Welcome to A Day in the Life, where we take you behind the scenes at JetBlue to learn more about the important jobs that work in concert together to run a major airline. This time, we visit with Frank and Jerry on our Technical Operations team, one of the most unpredictable positions at JetBlue.
Frank and Jerry are Technical Operations Maintenance Technician leads at our home base of operations at New York’s JFK. They wear many hats, including leading a team of 11 to 14 crewmembers each shift as part of the overall group of 450 technicians at JetBlue who maintain our 175-strong fleet of Airbus A320 and Embraer E190 aircraft.
The work of a Technical Operations crewmember is extremely varied and requires critical and creative thinking as well as versatility and open-mindedness. The tasks run the gamut, from the least glamorous like unclogging the lavatory sink or toilet, to changing a light bulb or seatbelt onboard the aircraft; to the considerably more complex assignments like working on the flight control system, the aircraft engine, tires, paneling, or replenishing materials like the onboard oxygen or hydraulic fluid.
Frank and Jerry and team have to keep myriad factors in mind when making a maintenance decision and each situation is different. Questions like, “What’s the history of that particular aircraft?” Where is the aircraft scheduled to fly to next?” “When does it have its next maintenance check?” “Do we have the parts handy to fix this or will we have to order them from somewhere?” Every plane has a unique history and the Tech Ops guys and gals track the history for each tail number via a computer system, logging new information as they encounter it, which creates an extremely helpful tool for others to access later on.
Jerry and Frank help prioritize which jobs need the most prompt attention and allocate tools and resources accordingly. The team works with safety as its number one value, and moves as quickly and efficiently as possible to get our aircraft and our people where they need to go in a safe and airworthy condition.
Each shift begins with a briefing, where relevant information about the day’s operation is shared – how many aircraft are flying that day, how many spare aircraft are in the system, as well as any anomalies that will affect the day’s work – and crewmembers proceed to their assigned posts. Our Tech Ops crewmembers may work out of our hangar, where aircraft are parked for longer-term maintenance or at the terminal where they will be tasked with working on aircraft that are flying the line and only parked minimally between flights.
Frank and Jerry also cover the desk where alerts for maintenance needs come in from various sources, including the Maintenance Control Center in System Operations or via faxed messages (called ACARS) from directly from the cockpit. Often, the Tech Ops team will get a message about a maintenance issue before the plane has even landed, which gives them time to proactively respond and have a team waiting with the proper equipment if available when the aircraft lands.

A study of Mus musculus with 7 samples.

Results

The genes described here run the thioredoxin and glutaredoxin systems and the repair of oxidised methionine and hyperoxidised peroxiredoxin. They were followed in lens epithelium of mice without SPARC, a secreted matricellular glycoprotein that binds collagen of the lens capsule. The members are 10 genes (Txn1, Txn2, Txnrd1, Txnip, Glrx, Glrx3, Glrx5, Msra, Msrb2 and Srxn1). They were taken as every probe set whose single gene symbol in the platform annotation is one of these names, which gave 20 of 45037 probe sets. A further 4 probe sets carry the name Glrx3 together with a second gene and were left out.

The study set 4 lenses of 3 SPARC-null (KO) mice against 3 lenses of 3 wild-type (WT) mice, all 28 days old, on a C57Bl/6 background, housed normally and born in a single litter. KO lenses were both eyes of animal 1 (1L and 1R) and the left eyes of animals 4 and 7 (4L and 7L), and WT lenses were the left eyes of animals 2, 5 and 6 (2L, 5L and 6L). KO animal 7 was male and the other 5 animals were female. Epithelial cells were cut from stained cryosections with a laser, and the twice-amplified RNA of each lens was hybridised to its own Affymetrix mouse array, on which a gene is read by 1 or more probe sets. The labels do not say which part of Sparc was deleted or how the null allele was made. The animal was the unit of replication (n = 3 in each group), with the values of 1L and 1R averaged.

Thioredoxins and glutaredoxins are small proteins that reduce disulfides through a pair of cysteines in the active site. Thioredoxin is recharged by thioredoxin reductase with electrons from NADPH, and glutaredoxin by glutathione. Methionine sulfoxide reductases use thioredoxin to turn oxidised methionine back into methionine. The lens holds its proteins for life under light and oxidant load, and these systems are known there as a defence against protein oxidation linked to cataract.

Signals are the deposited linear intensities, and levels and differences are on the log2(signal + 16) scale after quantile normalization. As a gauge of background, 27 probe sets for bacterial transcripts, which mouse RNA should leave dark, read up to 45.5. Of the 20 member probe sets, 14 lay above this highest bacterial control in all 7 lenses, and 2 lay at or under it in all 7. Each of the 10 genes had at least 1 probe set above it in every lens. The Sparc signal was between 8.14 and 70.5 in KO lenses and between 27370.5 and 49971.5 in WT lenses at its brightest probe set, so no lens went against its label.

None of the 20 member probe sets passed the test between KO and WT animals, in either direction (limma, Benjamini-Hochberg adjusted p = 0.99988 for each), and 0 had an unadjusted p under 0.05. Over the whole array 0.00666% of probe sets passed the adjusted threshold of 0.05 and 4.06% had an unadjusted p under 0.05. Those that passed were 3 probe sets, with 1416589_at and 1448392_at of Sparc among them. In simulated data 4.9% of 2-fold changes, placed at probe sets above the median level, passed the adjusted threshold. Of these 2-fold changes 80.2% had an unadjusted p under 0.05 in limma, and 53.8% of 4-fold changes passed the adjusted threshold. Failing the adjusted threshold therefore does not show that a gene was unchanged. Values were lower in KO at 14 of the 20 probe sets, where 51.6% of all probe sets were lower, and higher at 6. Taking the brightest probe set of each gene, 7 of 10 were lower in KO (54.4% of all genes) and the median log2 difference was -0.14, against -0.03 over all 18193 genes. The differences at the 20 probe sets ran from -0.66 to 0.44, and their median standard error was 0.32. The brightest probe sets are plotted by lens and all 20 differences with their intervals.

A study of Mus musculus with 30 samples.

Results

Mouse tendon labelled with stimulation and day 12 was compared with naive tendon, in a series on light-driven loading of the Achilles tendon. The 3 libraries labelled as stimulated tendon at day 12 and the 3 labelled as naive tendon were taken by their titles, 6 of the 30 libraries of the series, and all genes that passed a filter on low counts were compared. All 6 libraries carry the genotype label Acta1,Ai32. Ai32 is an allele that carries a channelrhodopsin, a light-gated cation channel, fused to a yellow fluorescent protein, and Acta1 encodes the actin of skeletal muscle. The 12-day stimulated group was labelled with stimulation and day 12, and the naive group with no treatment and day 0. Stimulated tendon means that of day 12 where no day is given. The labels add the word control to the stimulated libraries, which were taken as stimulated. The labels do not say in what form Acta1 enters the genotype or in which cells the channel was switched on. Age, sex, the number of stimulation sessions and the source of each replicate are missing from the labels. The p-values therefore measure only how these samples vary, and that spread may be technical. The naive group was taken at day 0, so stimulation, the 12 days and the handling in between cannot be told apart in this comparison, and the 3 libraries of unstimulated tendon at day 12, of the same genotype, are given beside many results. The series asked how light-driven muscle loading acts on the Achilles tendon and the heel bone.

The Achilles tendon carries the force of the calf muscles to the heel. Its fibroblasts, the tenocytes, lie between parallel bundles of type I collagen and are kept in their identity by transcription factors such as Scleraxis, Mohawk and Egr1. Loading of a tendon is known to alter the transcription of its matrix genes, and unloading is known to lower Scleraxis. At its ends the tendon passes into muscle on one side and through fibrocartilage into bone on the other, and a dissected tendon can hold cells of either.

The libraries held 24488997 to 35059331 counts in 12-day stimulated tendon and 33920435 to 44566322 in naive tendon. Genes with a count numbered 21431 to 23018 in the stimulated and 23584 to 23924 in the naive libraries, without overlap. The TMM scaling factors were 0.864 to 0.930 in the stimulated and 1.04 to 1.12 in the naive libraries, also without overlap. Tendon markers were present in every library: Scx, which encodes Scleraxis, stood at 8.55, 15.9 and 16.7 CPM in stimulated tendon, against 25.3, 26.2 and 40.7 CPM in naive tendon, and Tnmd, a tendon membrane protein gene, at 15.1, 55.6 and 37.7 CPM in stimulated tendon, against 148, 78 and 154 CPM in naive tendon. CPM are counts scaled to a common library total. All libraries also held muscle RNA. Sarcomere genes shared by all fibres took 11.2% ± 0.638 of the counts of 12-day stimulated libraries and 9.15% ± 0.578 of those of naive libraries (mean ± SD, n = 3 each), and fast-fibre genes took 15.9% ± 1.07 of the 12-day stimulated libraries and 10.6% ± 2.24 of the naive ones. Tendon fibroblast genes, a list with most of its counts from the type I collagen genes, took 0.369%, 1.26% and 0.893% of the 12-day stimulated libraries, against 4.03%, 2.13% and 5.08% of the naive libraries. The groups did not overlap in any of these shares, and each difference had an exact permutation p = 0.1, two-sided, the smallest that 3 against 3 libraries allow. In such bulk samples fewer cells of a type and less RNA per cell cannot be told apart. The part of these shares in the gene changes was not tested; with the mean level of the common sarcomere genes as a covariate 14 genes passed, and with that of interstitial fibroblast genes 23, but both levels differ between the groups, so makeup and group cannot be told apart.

The Tech Ops team is also responsible for making the call when an airplane needs to be pulled out of service, a decision they know might disrupt customer and crewmember plans, but which they do with safety top of mind. Jerry jokes that people cringe when they see his safety vest walking towards them because they think it means there’s a problem. That said, while it’s not actually the Tech Op crewmembers’ faults when a flight is delayed due to mechanical problems, they’re the ones most visibly addressing the issue, and not every issue has a quick fix. Sometimes there’s a mechanical issue in a city where we might not have the necessary part to fix it, so we have to ship the part, sometimes with a crewmember, on the next available flight.
Frank and Jerry have very different backgrounds, which complement one another well on the job. Frank has 30 years experience with the Air Force and has been with JetBlue for nine years. His high level of expertise serves as an anchor; when things get busy – the phones are ringing, the fax is piping in messages from pilots, and crewmembers need to be dispatched to different projects, Frank is calm and centered, orchestrating efforts, offering sound advice, and ensuring that everything gets handled. Jerry is “homegrown JetBlue” as he likes to say. He was handpicked by JetBlue when he graduated from college and entered into our apprentice program. He has worked with us for six years. Each of our 450 Tech Ops crewmembers comes to JetBlue with their own, unique backgrounds but with the shared goal of collaborating, communicating and caring for one another, our customers, and our planes.
Check out the previous editions of A Day In The Life and meet Kristi in Customer Support, Rick, an Executive Coordinator for our CEO, Chris, Lashonne and Jaclyn from Brand Design Jeff and Greg from Schedule Planning, Loretta in Security, Chris in Inflight, Morgan in Social Media, Don in Air Traffic System Control, and Mike in Ground Operations, and stay tuned for the next edition!